Insured Declared Value (IDV)


Insured Declared Value is the maximum Sum Assured fixed by the insurer which is provided on theft or total loss of vehicle. Basically, IDV is the current market value of the vehicle. If the vehicle suffers total loss, IDV is the compensation that the insurer will provide to the policyholder.

IDV is calculated as manufacturer’s listed selling price minus depreciation. The registration and insurance cost are excluded from IDV. The IDV of the accessories which are not factory fitted, are calculated separately at extra cost if insurance is required for them. The depreciation schedule is as follows:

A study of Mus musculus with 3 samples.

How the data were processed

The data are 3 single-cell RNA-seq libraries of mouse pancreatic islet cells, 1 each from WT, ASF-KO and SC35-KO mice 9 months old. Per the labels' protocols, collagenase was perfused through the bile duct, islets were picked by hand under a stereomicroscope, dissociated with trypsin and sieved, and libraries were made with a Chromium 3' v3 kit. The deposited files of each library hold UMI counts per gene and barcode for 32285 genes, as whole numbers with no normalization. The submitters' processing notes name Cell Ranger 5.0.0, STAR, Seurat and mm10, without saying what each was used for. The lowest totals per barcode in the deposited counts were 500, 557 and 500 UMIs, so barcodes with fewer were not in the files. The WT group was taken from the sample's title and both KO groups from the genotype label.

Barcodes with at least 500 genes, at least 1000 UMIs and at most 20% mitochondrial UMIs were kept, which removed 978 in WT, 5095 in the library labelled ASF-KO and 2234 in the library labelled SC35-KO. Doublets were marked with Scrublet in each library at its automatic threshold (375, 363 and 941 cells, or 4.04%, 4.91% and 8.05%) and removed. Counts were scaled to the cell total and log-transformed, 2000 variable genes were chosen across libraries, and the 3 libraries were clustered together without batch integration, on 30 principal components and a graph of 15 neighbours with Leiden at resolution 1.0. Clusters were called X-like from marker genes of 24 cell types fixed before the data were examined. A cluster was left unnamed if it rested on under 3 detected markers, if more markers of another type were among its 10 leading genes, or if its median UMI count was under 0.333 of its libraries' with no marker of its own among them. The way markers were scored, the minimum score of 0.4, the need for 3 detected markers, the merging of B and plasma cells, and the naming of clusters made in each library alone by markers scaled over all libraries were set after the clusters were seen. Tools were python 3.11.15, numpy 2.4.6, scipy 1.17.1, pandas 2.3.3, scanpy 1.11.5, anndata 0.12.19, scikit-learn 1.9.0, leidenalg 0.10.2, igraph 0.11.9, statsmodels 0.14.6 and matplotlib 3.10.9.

Age of Vehicle

% Depreciation for adjusting IDV

Not exceeding 6 months

5%

Exceeding 6 months but not exceeding 1 year

15%

Exceeding 1 year but not exceeding 2 years

20%

Exceeding 2 years but not exceeding 3 years

30%

Exceeding 3 years but not exceeding 4 years

40%

Exceeding 4 years but not exceeding 5 years

50%

The IDV of vehicles aged over 5 years is calculated by mutual agreement between insurer and the insured. Instead of depreciation, IDV of old cars is arrived at by assessment of vehicle’s condition done by surveyors, car dealers etc.

IDV= (Manufacturer’s listed selling price- depreciation) + (Accessories that are not included in listed selling price-depreciation) and excludes registration and insurance costs.

Why is IDV important?

As explained, IDV is the amount that you will get in case your vehicle is stolen or suffers total loss. It is highly recommended to get IDV which is near the cost of market value of car. Insurers provide with range of 5% to 10% to decrease IDV which could be chosen by customer. Less IDV would attract less premium.